By ANGUS McNEICE | China Daily UK | Updated: 2017-03-10 19:40

The UK's Building and Research Establishment is partnering with the University of Nottingham and the government of Shenzhen to roll out training in sustainable building development across China.

The proportion of Chinese people living in cities is expected to rise from 50 percent to 65 percent by 2030, and the government outlined plans in 2015 in its 13th Five-Year Plan (2016-20) to ensure new and existing buildings meet certain environmental standards.

BRE's sustainability assessment methods and the Building Research Establishment Environmental Assessment Method certification rating system, known as BREEAM, are internationally recognized. The training will ensure more alignment between BREEAM and China's domestic rating system, the Three Star Chinese Assessment Standard for Green Buildings.

Pauline Traetto, director of the BRE Academy, said: "China has committed to delivering sustainable buildings and many organizations agree that BREEAM really sets the bar. We go above and beyond to really achieve excellence in outstanding environmentally performing buildings."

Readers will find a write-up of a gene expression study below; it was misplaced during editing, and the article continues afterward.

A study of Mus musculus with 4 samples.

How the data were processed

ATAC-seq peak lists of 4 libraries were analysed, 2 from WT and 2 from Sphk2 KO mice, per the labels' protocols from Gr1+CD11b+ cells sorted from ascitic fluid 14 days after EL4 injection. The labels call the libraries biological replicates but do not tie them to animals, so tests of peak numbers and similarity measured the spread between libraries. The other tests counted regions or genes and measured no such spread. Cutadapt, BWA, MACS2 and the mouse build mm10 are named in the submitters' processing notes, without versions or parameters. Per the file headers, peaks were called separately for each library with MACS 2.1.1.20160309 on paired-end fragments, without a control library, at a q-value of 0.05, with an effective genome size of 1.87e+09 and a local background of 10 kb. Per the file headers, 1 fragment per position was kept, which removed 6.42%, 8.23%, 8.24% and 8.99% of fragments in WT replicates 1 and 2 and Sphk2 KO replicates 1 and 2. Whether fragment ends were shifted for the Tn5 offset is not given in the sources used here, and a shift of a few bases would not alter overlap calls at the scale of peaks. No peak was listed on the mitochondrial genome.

BRE will collaborate with green building consultancy Shenzhen Nottingham Sustainable Development Institute, a joint-venture between the local government and the British university. The program will include courses for government officials, architects, engineers, developers and contractors from major Chinese cities, including Shenzhen, Shanghai, Beijing and Tianjin.

To date, 38 buildings in China have achieved BREEAM certification, after undergoing assessment. In 2015, the 180 meter tall No 1 Shanghai Tower became the first building in the country to achieve the BREEAM Outstanding rating.

During the last five years, BRE has worked on 62 projects in China, helping to ensure they meet BREEAM standard as well as China's own regulations and local green-building criteria.

Last year, the research center opened its first China office in Shenzhen, when Xu Qin, the city's mayor, said: "Our long-term partnership with BRE will allow us to collaborate on standards, research, and training to support us in achieving our goal of making Shenzhen the greenest city in China. We invite other leading UK organizations to come to Shenzhen and take advantage of our favorable economic trade policies and support the green building and urbanization program in Shenzhen and China."